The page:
Exceptional Irvington, VA Hotels
History & Culture
It is most ironic
that one of Southern Living’s “Four
Favorite Romantic Getaways" today was once a school
which separated the genders - boys and girls dared not
converse going to and from school, or on its grounds.
The girls wore sunbonnets and dared not look at a boy
out the corner of an eye. Hopelessly romantic today,
yet exceedingly strict then.
In 1889, The Chesapeake Male and Female Academy opened its doors for classes. Its being co-ed was something of a novelty for those days. Still, the school featured two front doors - one for boys and one for girls as the two rarely mixed outside of recitation where rivalry was considered beneficial between the sexes. This school became the Chesapeake Academy, which a hundred years and several evolutions later, became the Hope and Glory Inn, one of the finest Irvington , VA hotels.
It was a day school
for most, yet many boarded. Steamboat and horse and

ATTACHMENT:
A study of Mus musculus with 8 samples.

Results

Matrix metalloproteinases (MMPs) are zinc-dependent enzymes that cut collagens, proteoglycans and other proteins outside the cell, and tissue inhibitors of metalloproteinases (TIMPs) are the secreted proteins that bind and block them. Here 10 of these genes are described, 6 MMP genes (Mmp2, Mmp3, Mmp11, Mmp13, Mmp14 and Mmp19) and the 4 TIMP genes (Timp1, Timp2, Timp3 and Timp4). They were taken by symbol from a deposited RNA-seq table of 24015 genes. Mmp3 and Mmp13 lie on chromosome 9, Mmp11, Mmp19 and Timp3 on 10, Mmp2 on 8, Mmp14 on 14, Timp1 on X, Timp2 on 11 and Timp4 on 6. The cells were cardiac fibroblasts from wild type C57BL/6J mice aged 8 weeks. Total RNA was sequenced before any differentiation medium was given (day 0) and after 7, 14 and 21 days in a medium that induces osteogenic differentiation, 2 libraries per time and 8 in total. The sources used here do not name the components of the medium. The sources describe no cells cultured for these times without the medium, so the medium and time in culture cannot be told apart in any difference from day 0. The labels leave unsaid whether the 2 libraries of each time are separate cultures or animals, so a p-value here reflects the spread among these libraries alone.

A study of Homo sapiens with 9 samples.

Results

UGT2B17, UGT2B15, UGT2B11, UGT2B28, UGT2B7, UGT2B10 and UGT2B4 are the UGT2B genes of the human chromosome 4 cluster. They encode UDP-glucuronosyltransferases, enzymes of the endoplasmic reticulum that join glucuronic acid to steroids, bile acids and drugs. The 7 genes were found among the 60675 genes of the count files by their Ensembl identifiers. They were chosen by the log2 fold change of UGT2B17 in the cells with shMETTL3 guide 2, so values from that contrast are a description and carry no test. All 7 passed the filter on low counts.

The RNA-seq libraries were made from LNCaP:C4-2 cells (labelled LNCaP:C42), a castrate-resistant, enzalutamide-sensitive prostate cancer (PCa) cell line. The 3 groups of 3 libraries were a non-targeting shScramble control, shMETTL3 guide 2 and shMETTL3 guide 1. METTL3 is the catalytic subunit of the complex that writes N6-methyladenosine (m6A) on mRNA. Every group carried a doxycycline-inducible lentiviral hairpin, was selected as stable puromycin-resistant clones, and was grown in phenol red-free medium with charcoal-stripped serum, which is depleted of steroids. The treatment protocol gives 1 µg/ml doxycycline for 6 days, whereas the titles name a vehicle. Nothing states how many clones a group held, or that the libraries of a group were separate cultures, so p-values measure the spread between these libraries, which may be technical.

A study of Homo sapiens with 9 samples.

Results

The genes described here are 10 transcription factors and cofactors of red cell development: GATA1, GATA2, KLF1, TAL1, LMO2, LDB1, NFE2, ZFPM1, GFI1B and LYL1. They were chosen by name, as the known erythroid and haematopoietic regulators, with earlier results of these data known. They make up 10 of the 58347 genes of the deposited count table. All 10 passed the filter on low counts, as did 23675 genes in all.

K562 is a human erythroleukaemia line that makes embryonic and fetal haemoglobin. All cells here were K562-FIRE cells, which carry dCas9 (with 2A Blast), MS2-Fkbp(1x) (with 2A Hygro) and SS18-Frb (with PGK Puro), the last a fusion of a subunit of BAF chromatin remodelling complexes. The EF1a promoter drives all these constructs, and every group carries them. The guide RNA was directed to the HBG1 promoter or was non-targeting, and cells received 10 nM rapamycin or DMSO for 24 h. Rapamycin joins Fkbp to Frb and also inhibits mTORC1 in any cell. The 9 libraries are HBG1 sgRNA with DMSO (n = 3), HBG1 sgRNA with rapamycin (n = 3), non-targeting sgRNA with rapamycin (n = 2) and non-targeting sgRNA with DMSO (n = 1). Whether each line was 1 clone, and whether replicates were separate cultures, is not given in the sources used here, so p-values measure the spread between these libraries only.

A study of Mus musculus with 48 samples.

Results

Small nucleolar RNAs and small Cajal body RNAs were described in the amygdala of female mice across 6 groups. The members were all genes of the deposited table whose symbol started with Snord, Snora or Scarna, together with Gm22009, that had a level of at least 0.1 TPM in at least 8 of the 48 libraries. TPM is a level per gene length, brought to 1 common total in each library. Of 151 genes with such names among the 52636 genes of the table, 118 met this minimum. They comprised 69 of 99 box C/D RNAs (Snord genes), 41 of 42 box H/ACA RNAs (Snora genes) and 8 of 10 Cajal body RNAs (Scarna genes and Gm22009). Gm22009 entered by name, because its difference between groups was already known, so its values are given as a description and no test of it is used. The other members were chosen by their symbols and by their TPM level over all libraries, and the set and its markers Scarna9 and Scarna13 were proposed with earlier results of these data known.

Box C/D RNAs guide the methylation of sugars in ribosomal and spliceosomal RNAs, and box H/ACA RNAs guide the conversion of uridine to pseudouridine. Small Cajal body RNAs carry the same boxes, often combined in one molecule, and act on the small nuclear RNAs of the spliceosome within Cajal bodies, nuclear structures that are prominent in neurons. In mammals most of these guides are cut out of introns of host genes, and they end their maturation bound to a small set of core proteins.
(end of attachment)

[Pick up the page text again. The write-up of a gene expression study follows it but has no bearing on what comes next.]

buggy were the only means of transportation for who
lived far away to school. This, of course, was not a
daily regimen so dormitories were built. If they wanted
an education, boarding was the only way to get one.
Gender segregation and tough discipline must have been
the best way to educate. By 1898 the school claimed
its graduates were being accepted by “the highest
colleges in the land”
How good was this
school? No college entrance exams were required of its
Out of 450 graduates (about 25 new students per year)
and its faculty, there were many physicians, attorneys
and of course, professors. There are four of note: One
became a Rhodes Scholar; another was named President
of Hollins College(now University); a third was elected
Attorney General for the State of Virginia; and, Edwin
Leland James went on to be the Managing Editor of the
New York Times. James, whom Gay Talese called “a
flamboyant Virginia dude”, was its European correspondent
and was the first to interview Charles Lindbergh when
he landed at Le Bourget in 1927.
The school closed
when the Irvington High School opened. Not much is known
about this building until the 40s when it became a rooming
house, and ultimately an inn offering rooms and “meals”.
This continued for decades under the name “King
Carter Inn”. In 1995-96, William Westbrook bought the Irvington inn and, with his vision, the Hope and Glory was created.